USDA, EPA Join to Reduce US Food Waste

We Throw Away Enough to Feed 25 Million Peoplec

Food Waste in America
New Study Shows That Half Of World's Food Is Wasted. Spencer Platt/Getty Images

Food waste in the United States has reached a point where Americans are throwing away about 31% -- or 133 billion pounds – of our available food supply, according to the U.S. Department of Agriculture (USDA).

That’s a crying shame, but the USDA and the Environmental Protection Agency (EPA) are teaming up in an effort to cut U.S. food waste in half by 2030.

To do that, the USDA and EPA will lead a partnership made up of charitable and faith-based organizations; local, state and tribal governments; and businesses to improve the nation’s food security and conserve natural resources by reducing food waste.

According to Agriculture Secretary Tom Vilsack, an average American family of four throws away more than $1,500 worth of food containing over 2 million calories every year.

Of course, it’s not just consumers. Supermarkets, restaurants, institutions, even food producers and processors themselves do more than their share of food wasting.

“The United States enjoys the most productive and abundant food supply on earth, but too much of this food goes to waste,” said Sec. Vilsack in announcing the food waste reduction initiative. “Our new reduction goal demonstrates America's leadership on a global level in getting wholesome food to people who need it, protecting our natural resources, cutting environmental pollution and promoting innovative approaches for reducing food loss and waste.”

The USDA projects that the food saved by reducing waste by just 15% would feed more than 25 million Americans every year, helping millions of people currently suffering from food insecurity.

It’s About Climate Change, Too

As if the lost nutritional value isn’t bad enough; all that wasted food rotting away in U.S. municipal landfills gives off what the USDA calls “a significant portion” of the climate change inducing greenhouse gas methane.

Landfills are the nation’s third largest source of methane, behind the oil and gas industry and domestic livestock production, according to the EPA’s website, which notes that about 21% of all material in landfills is wasted food.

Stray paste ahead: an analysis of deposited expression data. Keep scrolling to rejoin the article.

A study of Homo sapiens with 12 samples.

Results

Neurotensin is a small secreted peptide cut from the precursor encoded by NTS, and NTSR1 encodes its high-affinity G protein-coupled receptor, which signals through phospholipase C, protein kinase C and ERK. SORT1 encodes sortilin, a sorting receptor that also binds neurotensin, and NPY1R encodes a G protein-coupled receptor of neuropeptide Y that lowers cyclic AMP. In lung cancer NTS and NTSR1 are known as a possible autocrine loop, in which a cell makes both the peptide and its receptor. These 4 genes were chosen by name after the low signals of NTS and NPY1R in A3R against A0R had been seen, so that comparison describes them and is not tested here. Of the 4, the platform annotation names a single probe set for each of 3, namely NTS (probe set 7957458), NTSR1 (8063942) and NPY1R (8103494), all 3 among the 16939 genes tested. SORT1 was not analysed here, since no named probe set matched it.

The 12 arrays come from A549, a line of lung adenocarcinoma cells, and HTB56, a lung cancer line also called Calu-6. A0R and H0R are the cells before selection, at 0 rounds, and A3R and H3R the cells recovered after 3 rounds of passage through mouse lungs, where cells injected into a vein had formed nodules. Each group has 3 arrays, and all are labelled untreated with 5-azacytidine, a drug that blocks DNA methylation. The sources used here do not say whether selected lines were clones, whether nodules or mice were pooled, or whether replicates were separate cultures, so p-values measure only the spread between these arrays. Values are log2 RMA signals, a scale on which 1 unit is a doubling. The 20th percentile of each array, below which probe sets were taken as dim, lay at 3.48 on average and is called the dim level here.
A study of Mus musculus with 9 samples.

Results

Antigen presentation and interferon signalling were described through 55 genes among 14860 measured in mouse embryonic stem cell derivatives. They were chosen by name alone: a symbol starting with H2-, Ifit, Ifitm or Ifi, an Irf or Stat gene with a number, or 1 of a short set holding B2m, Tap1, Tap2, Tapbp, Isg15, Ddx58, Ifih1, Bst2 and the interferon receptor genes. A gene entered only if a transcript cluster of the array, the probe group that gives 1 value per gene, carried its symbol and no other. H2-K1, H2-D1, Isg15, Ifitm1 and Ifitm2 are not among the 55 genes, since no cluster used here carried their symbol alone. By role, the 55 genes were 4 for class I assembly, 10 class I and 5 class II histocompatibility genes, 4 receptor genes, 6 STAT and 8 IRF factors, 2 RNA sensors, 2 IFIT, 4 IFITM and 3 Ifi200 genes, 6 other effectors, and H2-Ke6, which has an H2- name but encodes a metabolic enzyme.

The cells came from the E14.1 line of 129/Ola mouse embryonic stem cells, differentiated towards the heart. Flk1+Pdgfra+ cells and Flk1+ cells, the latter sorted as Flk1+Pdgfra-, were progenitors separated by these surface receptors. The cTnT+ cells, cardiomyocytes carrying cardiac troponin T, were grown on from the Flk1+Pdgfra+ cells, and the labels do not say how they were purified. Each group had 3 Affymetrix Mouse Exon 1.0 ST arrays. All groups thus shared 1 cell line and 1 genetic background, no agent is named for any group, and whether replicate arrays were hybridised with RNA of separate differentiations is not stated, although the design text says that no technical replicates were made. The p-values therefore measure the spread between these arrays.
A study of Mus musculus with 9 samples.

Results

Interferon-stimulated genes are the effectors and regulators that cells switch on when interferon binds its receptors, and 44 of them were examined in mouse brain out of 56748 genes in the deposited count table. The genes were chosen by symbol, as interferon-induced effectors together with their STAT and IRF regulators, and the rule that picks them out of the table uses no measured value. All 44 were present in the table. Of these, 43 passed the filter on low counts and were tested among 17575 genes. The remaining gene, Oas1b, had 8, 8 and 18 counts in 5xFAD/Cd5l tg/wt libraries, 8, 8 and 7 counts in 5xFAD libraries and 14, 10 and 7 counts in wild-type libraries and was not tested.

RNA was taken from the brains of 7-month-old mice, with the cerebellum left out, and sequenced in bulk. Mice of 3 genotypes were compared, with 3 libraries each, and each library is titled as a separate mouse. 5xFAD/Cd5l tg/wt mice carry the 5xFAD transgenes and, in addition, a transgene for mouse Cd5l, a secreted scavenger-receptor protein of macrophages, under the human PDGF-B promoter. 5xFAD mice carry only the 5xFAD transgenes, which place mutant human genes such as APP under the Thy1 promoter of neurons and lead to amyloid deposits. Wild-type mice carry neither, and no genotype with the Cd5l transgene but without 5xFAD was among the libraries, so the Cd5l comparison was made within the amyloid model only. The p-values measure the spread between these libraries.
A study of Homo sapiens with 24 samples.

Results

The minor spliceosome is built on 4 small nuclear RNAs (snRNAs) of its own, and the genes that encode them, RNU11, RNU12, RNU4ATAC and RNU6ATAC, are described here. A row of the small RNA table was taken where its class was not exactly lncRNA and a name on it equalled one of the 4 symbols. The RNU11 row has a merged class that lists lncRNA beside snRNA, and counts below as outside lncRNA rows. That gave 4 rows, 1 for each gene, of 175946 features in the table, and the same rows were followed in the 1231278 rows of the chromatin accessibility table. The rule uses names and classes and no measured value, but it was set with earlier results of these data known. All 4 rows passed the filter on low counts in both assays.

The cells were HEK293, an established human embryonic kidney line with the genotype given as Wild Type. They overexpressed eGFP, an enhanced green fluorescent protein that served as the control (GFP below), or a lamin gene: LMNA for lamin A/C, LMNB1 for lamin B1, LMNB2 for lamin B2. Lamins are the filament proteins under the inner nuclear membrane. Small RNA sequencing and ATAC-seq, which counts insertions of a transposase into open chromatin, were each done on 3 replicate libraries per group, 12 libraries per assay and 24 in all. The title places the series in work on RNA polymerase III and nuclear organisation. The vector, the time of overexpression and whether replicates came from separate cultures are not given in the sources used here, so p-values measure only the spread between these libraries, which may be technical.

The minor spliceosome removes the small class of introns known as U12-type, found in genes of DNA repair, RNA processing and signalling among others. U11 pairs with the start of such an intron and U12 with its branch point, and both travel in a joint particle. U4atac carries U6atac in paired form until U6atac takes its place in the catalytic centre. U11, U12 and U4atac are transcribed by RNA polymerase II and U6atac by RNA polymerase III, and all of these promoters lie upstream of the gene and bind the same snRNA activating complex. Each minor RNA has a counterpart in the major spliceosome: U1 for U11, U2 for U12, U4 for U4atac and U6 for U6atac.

“Let's feed people, not landfills. By reducing wasted food in landfills, we cut harmful methane emissions that fuel climate change, conserve our natural resources, and protect our planet for future generations,” said EPA Administrator Gina McCarthy in a press release. “Today's announcement presents a major environmental, social and public health opportunity for the U.S., and we're proud to be part of a national effort to reduce the food that goes into landfills.”

How Will They Cut Food Waste?

At first, all of the food-saving measures will be voluntary, with the USDA and EPA merely “encouraging” grocery stores and supermarkets, restaurants, food service companies, food producers and institutions to set their own food waste reduction goals.

Of course, Sec. Vilsack hinted that if positive results are not seen soon enough, anti-food waste legislation resulting in very non-voluntary federal regulations may be forthcoming.

The country of France recently enacted a law making it illegal for supermarkets to throw away food considered to still be edible.

This new food waste reduction effort is an extension of the existing U.S. Food Waste Challenge launched by the USDA and EPA in 2013. According to the USDA, the U.S. Food Waste Challenge had signed up over 4,000 participants by the end of 2014, well ahead of early goad of 1,000 participants by 2020.

  Program participants include state and local governments, food retailers and hunger-fighting charitable organizations. 

In other food waste reduction efforts, the USDA will soon start a new campaign to educate consumers on how to store food with an eye toward preserving it longer, as well as how to better understand food expiration date labels. In addition, a section on reducing food waste as a means to stretching consumers’ budgets will be added to the USDA’s website.

To be sure, the supermarket industry is buying into the food waste reduction program. For example, the Consumer Goods Forum recently committed its 400 food retailing and manufacturing members to cut their food waste in half by 2025.

“Reducing food waste is an important priority for Albertsons Companies,” said Jonathan Mayes, Senior Vice President of Albertsons, Inc.

“As part of the U.S. Food Waste Challenge, we are focused on source reduction as well as providing food to other good causes such as hunger relief organizations and animal feed.”

“Food waste is a critical issue facing food retailers. Recognizing food recovery as an important approach to addressing hunger, protecting our natural resources, and minimizing costs, we applaud the establishment of a national goal for food waste reduction,” added Wegmans Food Markets Sustainability Manager Jason Wadsworth. “Wegmans is proud to stand with the U.S. Department of Agriculture and the Environmental Protection Agency on this important initiative.”